Senior haredi leaders have called a conference for Monday night to discuss
challenges facing the ultra-Orthodox education system, including what the
community sees as threats by the government to insist that haredi schools teach
the state core curriculum.
The haredi leadership is increasingly
concerned that the independence of its school network is coming under attack,
especially in light of recent comments by the education minister, Rabbi Shai
Piron, of the Yesh Atid party.
Piron said earlier this month that under
the reforms he was planning, any school that does not teach the state core
curriculum subjects would receive no state funding whatsoever.
the United Torah Judaism haredi party have described Piron as “the most
dangerous man in Israel for the haredi community.”
Rabbi Aharon Leib
Shteinman, spiritual leader of the Ashkenazi haredi world, is set to speak at
the conference, which will take place in Bnei Brak. Rabbi Chaim Kanievsky and
other prominent haredi rabbis are expected to attend as well.
current arrangement with the Education Ministry, Ashkenazi haredi elementary
schools receive from the state between 55 and 75 percent of the budget allotted
to non-haredi schools, and are expected to teach a corresponding proportion of
the state core curriculum.
In practice, however, this is extremely rare –
haredi elementary schools teach far less of the state core curriculum than is
expected; the overwhelming majority of haredi high schools teach no secular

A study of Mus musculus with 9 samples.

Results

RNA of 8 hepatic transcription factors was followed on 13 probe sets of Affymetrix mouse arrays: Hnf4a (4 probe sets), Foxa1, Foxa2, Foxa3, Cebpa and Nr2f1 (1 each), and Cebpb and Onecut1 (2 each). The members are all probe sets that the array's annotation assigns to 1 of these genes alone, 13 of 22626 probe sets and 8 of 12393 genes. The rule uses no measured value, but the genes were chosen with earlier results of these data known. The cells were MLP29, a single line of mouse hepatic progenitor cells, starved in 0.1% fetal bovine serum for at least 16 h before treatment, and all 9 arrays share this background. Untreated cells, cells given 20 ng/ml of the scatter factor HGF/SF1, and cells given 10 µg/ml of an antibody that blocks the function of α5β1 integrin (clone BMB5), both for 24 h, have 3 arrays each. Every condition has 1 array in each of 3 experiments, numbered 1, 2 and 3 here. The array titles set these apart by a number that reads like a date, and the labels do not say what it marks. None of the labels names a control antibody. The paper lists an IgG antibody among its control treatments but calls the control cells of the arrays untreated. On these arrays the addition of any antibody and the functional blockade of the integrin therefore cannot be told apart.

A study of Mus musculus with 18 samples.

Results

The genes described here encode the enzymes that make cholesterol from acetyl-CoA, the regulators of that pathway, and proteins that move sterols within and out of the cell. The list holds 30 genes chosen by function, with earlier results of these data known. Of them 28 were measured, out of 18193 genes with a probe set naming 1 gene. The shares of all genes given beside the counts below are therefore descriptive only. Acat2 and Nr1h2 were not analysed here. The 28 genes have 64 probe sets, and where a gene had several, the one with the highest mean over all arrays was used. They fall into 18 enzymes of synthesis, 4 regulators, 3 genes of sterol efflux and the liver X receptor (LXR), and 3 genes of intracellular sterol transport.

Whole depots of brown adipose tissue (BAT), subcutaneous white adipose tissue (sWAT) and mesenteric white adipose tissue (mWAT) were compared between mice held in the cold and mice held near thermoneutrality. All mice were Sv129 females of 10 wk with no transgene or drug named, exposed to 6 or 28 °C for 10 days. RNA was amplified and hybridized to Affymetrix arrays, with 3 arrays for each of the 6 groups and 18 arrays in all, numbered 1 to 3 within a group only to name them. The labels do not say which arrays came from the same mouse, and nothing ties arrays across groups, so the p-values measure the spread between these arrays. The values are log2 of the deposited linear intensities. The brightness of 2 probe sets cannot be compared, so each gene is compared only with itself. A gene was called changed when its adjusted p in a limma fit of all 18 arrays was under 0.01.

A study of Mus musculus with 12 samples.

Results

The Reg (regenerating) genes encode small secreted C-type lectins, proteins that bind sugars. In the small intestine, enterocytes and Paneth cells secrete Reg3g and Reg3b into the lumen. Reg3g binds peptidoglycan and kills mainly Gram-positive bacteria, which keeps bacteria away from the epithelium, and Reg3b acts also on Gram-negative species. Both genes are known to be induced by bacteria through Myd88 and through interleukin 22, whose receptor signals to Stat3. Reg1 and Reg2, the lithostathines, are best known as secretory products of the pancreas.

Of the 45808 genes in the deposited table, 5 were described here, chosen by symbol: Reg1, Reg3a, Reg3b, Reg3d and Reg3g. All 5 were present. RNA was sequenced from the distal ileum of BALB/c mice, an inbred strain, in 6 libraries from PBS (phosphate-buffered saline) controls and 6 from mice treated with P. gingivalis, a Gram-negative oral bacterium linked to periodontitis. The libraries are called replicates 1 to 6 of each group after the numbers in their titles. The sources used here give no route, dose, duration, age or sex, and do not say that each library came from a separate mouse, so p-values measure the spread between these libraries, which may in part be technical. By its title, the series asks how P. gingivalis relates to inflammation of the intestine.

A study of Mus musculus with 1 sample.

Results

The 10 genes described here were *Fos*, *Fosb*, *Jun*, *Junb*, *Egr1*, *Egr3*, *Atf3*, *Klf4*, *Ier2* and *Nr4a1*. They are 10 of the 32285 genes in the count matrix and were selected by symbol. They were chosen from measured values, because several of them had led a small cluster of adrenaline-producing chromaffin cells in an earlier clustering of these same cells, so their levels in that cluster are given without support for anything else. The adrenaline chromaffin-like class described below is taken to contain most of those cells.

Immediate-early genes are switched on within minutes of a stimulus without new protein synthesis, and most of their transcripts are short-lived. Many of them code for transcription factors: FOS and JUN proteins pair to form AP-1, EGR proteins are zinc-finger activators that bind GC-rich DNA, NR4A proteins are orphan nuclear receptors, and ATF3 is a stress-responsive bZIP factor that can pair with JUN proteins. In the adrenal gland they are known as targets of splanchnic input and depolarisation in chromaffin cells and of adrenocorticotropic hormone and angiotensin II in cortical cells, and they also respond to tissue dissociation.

On Friday, the Council of Torah Sages of the Agudat
Yisrael movement, which represents the hassidic strain of Israel’s haredi
population, issued a declaration in two hassidic newspapers calling on the
government not to interfere in the haredi education system by enforcing the
teaching of core curriculum subjects.
“We are commanded to stand firm
against the attempts of the authorities to force changes, God forbid, through
the temptation of [state] funds or threats to cut off such funding,” the council
The notice forbids any changes in the content of studies at
haredi elementary and high schools, prohibits the teaching of core curriculum
subjects, and forbids students from working towards the state high-school
diploma or towards academic degrees not approved by Agudat Yisrael’s Committee
of Rabbis for Education.
The council further stated that school
administrators should ensure that teachers at their schools do not participate
in (secular) academic studies, and that haredi girls should not study in
universities or colleges where the state high-school diploma or academic degrees
The religious-freedom lobbying group Hiddush denounced the
council’s declaration, saying it amounted to a decision that the hassidic
community would continue to live off the state and taxpayers.
decision proves once again that the haredi parties are conducting a campaign of
resistance and are not prepared to enter into dialogue, Hiddush deputy director
Shahar Ilan said.
Ilan, in a statement to the press, emphasized “how
essential it is to cut off funding for any institution which does not teach core
“This decision proves what a terrible crisis of
leadership the haredi community is suffering from, and the fact that its leaders
refuse to stop and consider of [their] failures,” he wrote.
spiritual leadership views education as the bedrock of its community, its
lifestyle and the means through which haredi identity is defined. For this
reason, haredim have throughout the history of the state fiercely guarded the
independence of their education system.
Before the establishment of the
state, David Ben-Gurion, as part of a deal designed to exemplify to the United
Nations Jewish unity in Mandatory Palestine, promised Agudat Yisrael that “full
autonomy” would be granted to all sectors of society to control their own
educational frameworks, Ben-Gurion’s letter promised that “complete freedom will
be given to each sector to manage [its] education [system],” but added that
“minimum [levels] of Hebrew, history, sciences and similar” would be obligatory,
and would be subject to state inspection.